Banking on Strathmore

February 03, 2005|By Mary Carole McCauley | Mary Carole McCauley,SUN ARTS WRITER

The sparkling $100 million Music Center at Strathmore, which officially opens today, isn't just a building in which to hear music. It's a leap of faith into the future.

A lot of people have a great deal at stake in Strathmore. For the Baltimore Symphony Orchestra, facing a debt expected to reach $12 million by 2008, the hall means access to a new group of ticket buyers and donors. For Montgomery County Executive Douglas M. Duncan, it's a feather in his cap at a time when he's frequently mentioned as a possible candidate for governor. And for the National Symphony Orchestra, it could be the opening salvo in what could become a battle of the bands.

"Strathmore Hall got built because so many people wanted it built," said Eliot Pfanstiehl, the facility's president and CEO. "There wasn't a person with a reason. Instead, a lot of people found that it fit in with their missions. That's why I think it's going to be sustainable."

Strathmore, situated on 11 pastoral acres in North Bethesda, is a 1,976-seat music hall and an education center. In addition to the BSO, it has five smaller tenants.

The Maryland Classic Youth Orchestras is getting its first permanent home instead of being spread across three schools. The organization's files no longer will be kept under the executive director's bed, the music library no longer is stored in the Silver Spring Public Library, and students no longer will have to rehearse in the cafeteria.

"Strathmore Hall is going to change our county overnight," said Duncan, who was instrumental in planning for the hall and overcoming political resistance to it. "The cultural opportunities in Montgomery County will increase geometrically. Will it make money? No. Buildings of this type never do. Will we need a state subsidy? Yes. But we deserve to have a facility like this."

But perhaps no group has more hopes embedded in the new venue than the cash-strapped BSO, Strathmore's largest and most prominent tenant. It is becoming the only American symphony with permanent homes in two major markets - and one of the few to have a new hall in the suburbs.

"Strathmore Hall will ensure the future of the Baltimore Symphony," said Calman J. "Buddy" Zamoiski Jr., the former longtime chairman of the BSO board of directors who played a crucial role in getting the facility built.

The hall, however, is a major new competitor in the National Symphony Orchestra's back yard. The NSO performs in the John F. Kennedy Center for the Performing Arts, about 10 miles from Strathmore. The Kennedy Center draws about a third of its audience from Maryland, and a 1994 study showed that Montgomery County residents attend performing arts events twice as often as the national average.

Rita Shapiro, the NSO's executive director, said it's too soon to tell if the Baltimore Symphony will siphon off any of her 16,500 subscribers. "That remains to be seen," she said. "However, we welcome the opening of Strathmore Hall. We want people to be attracted to symphonic music. We're excited there's another really fine orchestra here."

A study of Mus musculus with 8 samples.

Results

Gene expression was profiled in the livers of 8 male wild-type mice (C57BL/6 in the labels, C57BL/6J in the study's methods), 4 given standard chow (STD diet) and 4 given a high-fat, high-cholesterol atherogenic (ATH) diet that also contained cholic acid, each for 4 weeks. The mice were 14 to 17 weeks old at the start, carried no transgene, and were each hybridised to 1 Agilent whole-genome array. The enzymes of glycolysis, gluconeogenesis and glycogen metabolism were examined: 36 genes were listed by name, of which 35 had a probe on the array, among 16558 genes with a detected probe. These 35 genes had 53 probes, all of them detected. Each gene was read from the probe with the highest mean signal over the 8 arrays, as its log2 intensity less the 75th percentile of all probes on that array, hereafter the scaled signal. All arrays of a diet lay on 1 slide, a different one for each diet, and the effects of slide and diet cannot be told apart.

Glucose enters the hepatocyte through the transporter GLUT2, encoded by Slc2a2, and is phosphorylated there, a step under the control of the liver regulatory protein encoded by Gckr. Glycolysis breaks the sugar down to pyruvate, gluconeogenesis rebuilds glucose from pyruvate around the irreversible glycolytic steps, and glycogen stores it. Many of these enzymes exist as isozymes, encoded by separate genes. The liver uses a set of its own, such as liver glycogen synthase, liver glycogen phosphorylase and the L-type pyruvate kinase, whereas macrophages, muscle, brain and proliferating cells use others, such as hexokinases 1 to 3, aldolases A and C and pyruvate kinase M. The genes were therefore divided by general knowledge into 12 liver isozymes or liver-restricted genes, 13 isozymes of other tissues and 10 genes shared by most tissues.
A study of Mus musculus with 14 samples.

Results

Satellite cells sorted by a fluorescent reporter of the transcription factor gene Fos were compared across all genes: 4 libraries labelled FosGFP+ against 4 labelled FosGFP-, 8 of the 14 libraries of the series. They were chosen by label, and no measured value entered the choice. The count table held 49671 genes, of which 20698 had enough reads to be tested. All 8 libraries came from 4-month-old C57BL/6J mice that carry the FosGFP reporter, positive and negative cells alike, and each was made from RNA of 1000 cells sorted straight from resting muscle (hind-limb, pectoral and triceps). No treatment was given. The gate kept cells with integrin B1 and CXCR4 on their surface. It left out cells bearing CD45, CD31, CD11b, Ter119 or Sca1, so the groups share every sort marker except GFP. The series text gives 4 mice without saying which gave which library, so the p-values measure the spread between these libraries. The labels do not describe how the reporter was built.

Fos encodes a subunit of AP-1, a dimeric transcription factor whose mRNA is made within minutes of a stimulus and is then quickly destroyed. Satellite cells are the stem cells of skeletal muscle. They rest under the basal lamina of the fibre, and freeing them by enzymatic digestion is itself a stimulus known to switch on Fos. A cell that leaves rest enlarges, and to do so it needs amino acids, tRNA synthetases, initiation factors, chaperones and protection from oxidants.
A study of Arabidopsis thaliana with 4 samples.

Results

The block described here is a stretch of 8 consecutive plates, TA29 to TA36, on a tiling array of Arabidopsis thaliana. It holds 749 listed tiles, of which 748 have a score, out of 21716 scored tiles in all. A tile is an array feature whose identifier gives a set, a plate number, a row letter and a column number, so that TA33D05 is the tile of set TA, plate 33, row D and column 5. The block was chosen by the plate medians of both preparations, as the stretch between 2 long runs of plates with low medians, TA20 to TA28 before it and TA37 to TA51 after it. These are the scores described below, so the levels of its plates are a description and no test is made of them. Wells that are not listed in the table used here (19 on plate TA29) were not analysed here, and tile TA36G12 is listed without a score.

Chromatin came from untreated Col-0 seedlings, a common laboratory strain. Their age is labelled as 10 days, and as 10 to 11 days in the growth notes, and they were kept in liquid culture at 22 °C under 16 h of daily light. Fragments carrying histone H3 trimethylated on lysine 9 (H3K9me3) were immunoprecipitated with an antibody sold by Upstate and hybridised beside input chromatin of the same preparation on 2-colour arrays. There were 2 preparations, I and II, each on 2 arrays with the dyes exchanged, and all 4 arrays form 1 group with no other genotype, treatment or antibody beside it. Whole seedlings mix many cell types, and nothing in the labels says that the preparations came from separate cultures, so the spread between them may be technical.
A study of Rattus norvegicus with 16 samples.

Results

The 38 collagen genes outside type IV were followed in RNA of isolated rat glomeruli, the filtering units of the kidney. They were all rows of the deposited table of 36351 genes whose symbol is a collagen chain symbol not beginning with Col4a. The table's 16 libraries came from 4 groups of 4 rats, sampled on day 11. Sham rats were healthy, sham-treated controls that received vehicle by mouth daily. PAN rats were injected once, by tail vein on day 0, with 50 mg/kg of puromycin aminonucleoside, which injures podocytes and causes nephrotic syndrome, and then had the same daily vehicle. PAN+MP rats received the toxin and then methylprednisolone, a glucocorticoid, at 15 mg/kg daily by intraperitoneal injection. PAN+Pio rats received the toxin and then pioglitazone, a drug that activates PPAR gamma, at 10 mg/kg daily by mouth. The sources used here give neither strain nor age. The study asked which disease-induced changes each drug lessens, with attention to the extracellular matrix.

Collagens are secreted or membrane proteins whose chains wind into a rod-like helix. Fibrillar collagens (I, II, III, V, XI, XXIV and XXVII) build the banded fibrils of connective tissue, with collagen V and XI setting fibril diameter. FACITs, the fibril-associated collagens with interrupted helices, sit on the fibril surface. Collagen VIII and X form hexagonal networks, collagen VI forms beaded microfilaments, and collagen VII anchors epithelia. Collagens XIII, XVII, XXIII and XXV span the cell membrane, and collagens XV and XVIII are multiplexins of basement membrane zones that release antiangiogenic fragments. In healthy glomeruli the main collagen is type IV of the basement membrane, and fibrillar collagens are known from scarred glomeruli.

Ticket sales at the NSO haven't declined for concerts scheduled for the months after the BSO's Strathmore debut, which is Saturday night. "So far, our sales for the spring of 2005 are quite strong," Shapiro said.

Pfanstiehl has booked 86 performances for the four months remaining in this season, and he predicts Strathmore will be rented for 200 nights in 2005-2006 - well above the break-even point of 120 occupied nights.

"We're running well ahead of projections," he said. "Even when the performance hall is dark, the music center will be lit up like a Christmas tree seven days a week with lights and people and activity."

The BSO will perform at Strathmore roughly 40 times each year. The Saturday night series for 2004-2005 is sold out, and the Thursday night series is about 75 percent sold, said orchestra president James Glicker. The remaining concerts (the lighter Symphony with a Twist and BSO Pops series) have sold nearly half of the available tickets.

But attracting ticket buyers might be less difficult than finding new donors, though they're there to be found. Montgomery County's 950,000 residents are statistically among the wealthiest and best-educated in the nation.

While Strathmore has amenities the Kennedy Center lacks (a hassle-free commute for Montgomery County residents and free parking), it never will have the cachet enjoyed by the nation's national arts center.

"I don't expect to get many donors this year because the hall hasn't opened yet," Glicker said. "Once it does, I think we can persuade people to give to an arts center in the community in which they live."

At the moment, the BSO doesn't even have name recognition. "If you walk around the street down here, most of Montgomery County doesn't know that there is a Baltimore Symphony," Pfanstiehl said, "and if they do know it, they don't think it's anywhere near the quality of the National Symphony."